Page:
The Success of the Fed and the Death of Monetarism

By Kishor, N. Kundan; Kochin, Levis A. | Economic Inquiry, January 2007 | Go to article overview


Kishor, N. Kundan, Kochin, Levis A., Economic Inquiry


I. INTRODUCTION

There has been a significant reduction in the macroeonomic volatility in the U.S. economy during the last 20 yrs. The standard deviation of the central bank's target variables like inflation and nominal gross domestic product (GDP) declined substantially; however, at the same time, the standard deviation of monetary aggregates has increased. (1) This unique macroeconomic phenomenon is also associated with the disappearance of correlation between inflation and money growth. This is in contrast to the monetarist argument that suggests that an important cause of economic instability is excess variation in the growth rate of money. The most famous monetarist prescription for monetary policy is Milton Friedman's proposal that the growth rate of money should be constant. There is, however, no evidence of falling variations in the growth rate of money over the last 20 yrs. In fact, the standard deviation of the rate of growth of monetary base has increased from 1.63% during 1960-1982 to 3.1% during 1983-2003.

Milton Friedman, in an interview with Taylor (2001), pointed out that there was a breakdown in the relationship between money and GDP after 1980, which came along with a dramatic reduction in the variability of growth rate of GDP. Friedman says, "I am puzzled about is whether, and if so how, they suddenly learned how to regulate the economy. Does Alan Greenspan have an insight into the movements in the economy and other shocks that the people don't have?" Friedman further says, "It looks as if somehow in 1991-1992 they were able to install a good thermostat instead of a bad one. Is Alan Greenspan a good thermostat compared to other Fed chairmen?" (Taylor 2001).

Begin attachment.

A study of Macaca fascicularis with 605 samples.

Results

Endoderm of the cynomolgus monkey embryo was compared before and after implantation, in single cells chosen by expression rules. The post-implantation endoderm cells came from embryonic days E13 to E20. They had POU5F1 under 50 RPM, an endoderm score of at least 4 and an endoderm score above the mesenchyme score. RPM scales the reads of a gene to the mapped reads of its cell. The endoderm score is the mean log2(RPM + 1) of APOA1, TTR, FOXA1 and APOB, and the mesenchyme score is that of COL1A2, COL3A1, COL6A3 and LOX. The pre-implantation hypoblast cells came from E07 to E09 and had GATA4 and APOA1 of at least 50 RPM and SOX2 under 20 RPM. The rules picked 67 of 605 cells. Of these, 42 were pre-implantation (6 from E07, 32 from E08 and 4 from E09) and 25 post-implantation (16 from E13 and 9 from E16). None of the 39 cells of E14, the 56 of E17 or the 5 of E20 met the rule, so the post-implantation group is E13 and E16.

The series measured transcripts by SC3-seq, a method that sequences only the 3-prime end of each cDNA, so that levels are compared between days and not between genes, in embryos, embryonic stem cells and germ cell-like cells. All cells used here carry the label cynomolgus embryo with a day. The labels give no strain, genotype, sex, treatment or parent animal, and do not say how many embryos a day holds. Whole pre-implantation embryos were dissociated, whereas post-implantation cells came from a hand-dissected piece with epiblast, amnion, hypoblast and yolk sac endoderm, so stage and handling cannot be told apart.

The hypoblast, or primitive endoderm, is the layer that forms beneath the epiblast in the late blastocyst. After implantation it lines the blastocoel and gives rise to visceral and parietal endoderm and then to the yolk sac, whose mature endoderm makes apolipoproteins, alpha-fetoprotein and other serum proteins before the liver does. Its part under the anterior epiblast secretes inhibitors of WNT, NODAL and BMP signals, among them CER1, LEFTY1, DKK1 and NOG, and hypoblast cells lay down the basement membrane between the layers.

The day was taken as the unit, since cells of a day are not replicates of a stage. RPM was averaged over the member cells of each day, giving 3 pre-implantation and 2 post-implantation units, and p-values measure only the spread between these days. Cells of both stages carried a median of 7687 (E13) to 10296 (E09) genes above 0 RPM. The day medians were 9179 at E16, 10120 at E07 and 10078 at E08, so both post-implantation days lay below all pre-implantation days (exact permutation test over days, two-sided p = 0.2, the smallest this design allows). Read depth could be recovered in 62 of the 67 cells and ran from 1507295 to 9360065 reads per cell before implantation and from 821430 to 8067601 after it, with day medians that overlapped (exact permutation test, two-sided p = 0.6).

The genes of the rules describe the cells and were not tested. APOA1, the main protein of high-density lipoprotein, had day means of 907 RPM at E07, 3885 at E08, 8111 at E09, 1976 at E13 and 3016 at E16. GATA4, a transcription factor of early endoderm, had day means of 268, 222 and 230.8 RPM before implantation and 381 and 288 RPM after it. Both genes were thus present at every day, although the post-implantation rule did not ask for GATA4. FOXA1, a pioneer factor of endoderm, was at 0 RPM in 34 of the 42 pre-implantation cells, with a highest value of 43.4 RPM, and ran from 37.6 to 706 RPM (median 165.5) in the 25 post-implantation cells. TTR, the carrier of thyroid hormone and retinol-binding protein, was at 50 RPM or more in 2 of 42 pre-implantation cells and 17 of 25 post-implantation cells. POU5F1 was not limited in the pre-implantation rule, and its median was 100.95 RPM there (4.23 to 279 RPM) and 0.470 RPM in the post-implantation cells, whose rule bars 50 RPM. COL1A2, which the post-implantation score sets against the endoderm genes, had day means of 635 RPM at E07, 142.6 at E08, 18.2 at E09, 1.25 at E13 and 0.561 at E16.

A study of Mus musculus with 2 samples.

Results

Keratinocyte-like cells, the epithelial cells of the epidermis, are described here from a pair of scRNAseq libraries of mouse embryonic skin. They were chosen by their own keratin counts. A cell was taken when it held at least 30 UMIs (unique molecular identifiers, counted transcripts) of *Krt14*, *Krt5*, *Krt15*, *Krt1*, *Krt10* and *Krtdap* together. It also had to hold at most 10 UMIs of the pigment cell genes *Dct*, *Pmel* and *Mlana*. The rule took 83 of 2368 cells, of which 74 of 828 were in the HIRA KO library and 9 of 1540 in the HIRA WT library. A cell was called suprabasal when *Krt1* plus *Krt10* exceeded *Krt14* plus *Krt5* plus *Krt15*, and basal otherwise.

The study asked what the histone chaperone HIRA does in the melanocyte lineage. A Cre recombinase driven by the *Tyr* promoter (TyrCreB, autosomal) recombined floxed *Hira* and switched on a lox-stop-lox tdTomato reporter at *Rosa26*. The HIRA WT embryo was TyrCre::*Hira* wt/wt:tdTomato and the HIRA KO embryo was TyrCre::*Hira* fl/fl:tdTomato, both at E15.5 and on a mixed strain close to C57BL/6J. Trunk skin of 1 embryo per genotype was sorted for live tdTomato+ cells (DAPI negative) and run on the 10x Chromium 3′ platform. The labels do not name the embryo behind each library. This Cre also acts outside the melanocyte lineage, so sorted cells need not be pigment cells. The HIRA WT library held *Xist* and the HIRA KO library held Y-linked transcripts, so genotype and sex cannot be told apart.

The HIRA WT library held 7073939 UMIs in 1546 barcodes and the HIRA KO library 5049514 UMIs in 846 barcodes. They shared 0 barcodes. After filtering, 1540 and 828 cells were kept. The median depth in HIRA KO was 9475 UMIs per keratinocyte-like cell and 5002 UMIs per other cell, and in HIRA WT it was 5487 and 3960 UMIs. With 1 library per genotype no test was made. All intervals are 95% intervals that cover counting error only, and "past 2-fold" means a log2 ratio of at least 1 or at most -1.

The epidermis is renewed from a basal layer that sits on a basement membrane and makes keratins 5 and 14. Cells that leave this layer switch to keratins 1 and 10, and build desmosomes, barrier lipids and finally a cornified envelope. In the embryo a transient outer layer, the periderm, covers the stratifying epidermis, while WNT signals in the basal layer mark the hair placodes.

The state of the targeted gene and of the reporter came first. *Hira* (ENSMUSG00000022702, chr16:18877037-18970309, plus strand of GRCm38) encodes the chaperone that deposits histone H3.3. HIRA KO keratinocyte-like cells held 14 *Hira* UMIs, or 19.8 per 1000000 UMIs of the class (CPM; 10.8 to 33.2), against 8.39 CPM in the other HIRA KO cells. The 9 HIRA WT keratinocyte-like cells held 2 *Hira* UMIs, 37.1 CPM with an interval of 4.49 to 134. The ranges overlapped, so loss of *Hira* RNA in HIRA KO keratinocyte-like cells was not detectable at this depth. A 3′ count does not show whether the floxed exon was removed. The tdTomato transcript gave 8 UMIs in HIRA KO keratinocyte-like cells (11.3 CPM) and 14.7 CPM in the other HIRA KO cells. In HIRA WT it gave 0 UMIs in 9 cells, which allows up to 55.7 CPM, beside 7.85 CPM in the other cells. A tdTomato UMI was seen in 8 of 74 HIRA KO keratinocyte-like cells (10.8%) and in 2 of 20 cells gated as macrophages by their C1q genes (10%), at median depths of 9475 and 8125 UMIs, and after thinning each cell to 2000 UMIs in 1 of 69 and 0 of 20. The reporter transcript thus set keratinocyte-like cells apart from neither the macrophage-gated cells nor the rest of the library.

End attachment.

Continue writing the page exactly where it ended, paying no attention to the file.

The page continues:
There is widespread consensus on the effect of monetary policy on inflation in the long run. However, there is no consensus on how monetary policy affects real output in the short run. There is now a consensus among economists that the original monetarist proposition that there is no long-run trade-off between inflation and unemployment is correct. Monetarism can also be viewed as the platform from which the rational expectation revolution took off. However, the monetarist proposition that economic fluctuation is caused by excessively variable monetary growth has largely been abandoned. Authors like Estrella and Mishkin (1997) and Feldstein and Stock (1994) find that monetary aggregates do not have a significant informational content after 1979 and, hence, cannot be used as an information variable for the stance of monetary policy. Their finding is also consistent with Dwyer (2002) and Dwyer and Hafer (1999), who find that there is little correlation of inflation and money growth across countries on quarterly and annual bases after 1979. The literature finds significant correlation (e.g., Lucas 1980) between money growth and inflation in the pre-1979 period, but this correlation has disappeared after 1979. (See Table 1 and Figures 1-4).

If stabilization policy makes inflation a constant, then there will be no correlation between inflation and policy as no variable is correlated with a constant. According to Kochin (1973), if the monetary authority is able to stabilize the economy by optimally setting the variability of the control variables (e.g., monetary aggregates and interest rate), then there will be no correlation between the goal variable (e.g., inflation and nominal GDP) and the control variable even if the policy is not perfect. If the policy is too variable and even if it is well timed, then a countercyclical policy adopted by the central bank might lead to greater variability in the goal variable, as argued by Friedman (1953). Poole (1993, 1994) and Tanner (1993) also argue that one predictable consequence of optimal monetary policy is that the correlation between monetary policy instruments and policy goals will be driven to zero. Poole further contends that it is obvious to any careful reader of Theil (1964) that optimally variable policy will give rise to a zero correlation between policy and goal variable.